KHON KAEN – Community leaders, local politicians, and villagers met today to mark the start of a land rental agreement between the State Railway of Thailand (SRT) and the inhabitants of the Nong Waeng slum community. The agreement comes just five months after parliament approved plans to move ahead with the Chinese-Thai joint high-speed rail venture.
With 180 billion baht tentatively allocated for the Nong Khai-Bangkok line, the stakes have been raised for rail-side communities to lease their land or move before construction begins. The people of Nong Waeng have been awarded their lease just in time and now, for the first time in the settlement’s lifetime, its residents of laborers, scavengers, and vendors will have legal access to basic utilities.
Over a generation ago, the earliest inhabitants of Nong Waeng were lured to Khon Kaen by Bangkok-based development initiatives, but were left without affordable housing options and settled along the railway. For the last 50 years, the community has squatted on the SRT-owned land, fearing eviction and rerouting water and electricity from neighbors at inflated prices. On April 1, residents will begin legally leasing land from the SRT and paying for their utilities at market rates.
While today’s ceremony could easily have been described as a celebration, complete with traditionally-costumed schoolchildren and the familiar thump of Thai pop-music, community leader Prayad Karnplook was quick to dispel any misconceptions. “This is only the beginning,” he said. “It will be a celebration when everyone has finally settled down in the new location and the utilities are up and running.”
Mr. Prayad’s pragmatism is, perhaps, well founded. The imminent infrastructural improvements require relocating the entire community across the tracks and a few kilometers away. The move will be cumbersome and, some claim, underfunded. An as-of-yet unscheduled appraisal of each home’s value by government inspectors will net each family anywhere from 20 to 40 thousand baht per house, a sum of money one villager described as “definitely not enough.” Furthermore, there is some restrained skepticism surrounding the duration of the lease the SRT has granted them, a skepticism that MP Prajak Klaewklarharn sought to dismiss in his address to community members this morning.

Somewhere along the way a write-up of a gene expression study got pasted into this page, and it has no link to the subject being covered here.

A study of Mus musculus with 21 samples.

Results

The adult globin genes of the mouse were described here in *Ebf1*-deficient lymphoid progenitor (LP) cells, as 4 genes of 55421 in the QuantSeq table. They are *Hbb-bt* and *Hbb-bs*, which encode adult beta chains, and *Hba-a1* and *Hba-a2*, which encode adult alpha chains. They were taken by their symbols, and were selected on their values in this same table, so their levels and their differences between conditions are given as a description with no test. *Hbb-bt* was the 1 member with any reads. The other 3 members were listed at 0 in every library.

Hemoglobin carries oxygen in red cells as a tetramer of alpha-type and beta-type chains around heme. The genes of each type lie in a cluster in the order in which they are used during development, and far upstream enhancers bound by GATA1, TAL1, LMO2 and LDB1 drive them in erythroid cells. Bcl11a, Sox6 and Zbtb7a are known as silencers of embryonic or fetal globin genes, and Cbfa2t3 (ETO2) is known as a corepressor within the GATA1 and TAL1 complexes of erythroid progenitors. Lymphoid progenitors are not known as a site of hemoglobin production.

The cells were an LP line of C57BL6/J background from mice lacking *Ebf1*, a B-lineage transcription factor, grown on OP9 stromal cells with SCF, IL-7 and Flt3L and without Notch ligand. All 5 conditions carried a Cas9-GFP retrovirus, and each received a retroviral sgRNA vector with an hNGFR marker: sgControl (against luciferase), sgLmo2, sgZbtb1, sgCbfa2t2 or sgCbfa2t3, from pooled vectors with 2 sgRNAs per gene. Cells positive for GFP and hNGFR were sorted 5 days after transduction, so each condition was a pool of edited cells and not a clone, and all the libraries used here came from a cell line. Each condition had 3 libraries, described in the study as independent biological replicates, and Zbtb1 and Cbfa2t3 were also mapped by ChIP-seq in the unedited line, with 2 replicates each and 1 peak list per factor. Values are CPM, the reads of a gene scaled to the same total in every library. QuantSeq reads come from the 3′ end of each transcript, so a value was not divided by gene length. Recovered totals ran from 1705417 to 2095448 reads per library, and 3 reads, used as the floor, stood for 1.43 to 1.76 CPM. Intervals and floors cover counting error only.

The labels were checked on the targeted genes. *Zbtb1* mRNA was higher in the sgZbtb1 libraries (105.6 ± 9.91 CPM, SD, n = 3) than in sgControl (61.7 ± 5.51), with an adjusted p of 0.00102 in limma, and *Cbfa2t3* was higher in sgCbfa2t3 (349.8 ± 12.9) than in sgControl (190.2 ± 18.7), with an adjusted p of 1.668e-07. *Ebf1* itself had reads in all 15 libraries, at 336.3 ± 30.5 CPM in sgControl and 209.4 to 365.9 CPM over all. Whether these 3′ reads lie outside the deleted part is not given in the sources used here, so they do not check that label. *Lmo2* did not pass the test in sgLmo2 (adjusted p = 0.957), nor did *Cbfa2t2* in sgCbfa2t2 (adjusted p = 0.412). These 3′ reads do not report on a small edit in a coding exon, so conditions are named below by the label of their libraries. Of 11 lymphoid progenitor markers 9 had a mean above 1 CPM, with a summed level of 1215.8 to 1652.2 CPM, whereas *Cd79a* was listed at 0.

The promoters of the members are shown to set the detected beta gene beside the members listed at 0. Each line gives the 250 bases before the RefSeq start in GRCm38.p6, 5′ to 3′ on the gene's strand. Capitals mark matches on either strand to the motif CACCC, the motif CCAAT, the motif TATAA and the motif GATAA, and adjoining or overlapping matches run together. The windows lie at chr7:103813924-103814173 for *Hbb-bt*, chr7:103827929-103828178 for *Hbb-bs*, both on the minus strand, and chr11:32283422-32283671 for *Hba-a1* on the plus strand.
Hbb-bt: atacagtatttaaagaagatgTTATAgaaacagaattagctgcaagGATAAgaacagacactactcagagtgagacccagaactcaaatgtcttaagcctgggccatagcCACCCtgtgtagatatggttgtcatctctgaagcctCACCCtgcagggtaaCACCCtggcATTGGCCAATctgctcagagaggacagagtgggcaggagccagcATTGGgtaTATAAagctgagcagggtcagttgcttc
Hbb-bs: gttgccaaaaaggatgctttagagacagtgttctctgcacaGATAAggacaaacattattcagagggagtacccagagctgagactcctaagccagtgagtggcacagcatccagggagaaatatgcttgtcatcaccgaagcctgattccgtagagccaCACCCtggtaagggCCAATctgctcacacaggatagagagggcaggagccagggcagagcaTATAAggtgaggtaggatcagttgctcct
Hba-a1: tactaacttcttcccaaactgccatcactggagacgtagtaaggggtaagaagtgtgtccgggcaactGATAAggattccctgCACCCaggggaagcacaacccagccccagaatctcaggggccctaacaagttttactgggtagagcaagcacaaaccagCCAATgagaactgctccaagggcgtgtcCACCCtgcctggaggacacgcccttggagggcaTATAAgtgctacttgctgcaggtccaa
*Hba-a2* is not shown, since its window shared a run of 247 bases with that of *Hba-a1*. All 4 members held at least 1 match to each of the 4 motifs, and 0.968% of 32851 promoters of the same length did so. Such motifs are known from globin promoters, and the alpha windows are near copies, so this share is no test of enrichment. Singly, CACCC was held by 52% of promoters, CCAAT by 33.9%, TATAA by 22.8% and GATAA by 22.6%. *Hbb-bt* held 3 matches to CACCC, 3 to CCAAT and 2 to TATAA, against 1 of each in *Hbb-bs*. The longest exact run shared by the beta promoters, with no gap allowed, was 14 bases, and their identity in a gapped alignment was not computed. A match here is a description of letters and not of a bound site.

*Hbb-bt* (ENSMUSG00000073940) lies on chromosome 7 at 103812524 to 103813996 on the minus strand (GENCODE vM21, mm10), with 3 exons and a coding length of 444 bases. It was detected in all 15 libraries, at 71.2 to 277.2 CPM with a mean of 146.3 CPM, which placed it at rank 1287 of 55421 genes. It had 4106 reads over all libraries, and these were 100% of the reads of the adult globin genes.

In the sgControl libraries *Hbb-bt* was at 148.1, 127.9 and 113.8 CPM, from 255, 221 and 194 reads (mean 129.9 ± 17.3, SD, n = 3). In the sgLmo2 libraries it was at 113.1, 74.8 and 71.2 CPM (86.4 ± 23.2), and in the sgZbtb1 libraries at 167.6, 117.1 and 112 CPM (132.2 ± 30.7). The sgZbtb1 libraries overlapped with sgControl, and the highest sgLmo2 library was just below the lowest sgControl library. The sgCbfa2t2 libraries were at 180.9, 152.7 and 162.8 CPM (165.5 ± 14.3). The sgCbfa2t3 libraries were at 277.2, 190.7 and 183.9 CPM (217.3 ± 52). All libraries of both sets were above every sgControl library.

“Even though the lease is three years, it can be renewed,” the Bhum Jai Thai party member and former transportation secretary said. “Three years and then another three years – I expect that in 20 years the community will be in the same place.”
Mr. Prajak’s reassurance, however, is complicated by the recent lease agreement signed by the leaders of nearby Pornsawan, another community alongside the train tracks. The villagers there were granted a 30 year lease for their land. A representative from the Four Regions Slum Network, an NGO that helped both communities get their leases, was not surprised. Ghakagapong Buripla explained that Pornsawan is located on land that the SRT is certain they’ll never want to further develop. Nong Waeng, on the other hand, will have to wait and see.
And yet, despite the lingering doubts and concerns, Mr. Ghakagapong has reasons to be hopeful. Of the 13 Khon Kaen slum communities allied with his organization, 12 have have been granted leases by the SRT and so far, things have gone smoothly. “I’m quite pleased with the people who have gathered together to get this land,” he said about today’s accomplishment. They’ve assured the “basic rights of citizens.”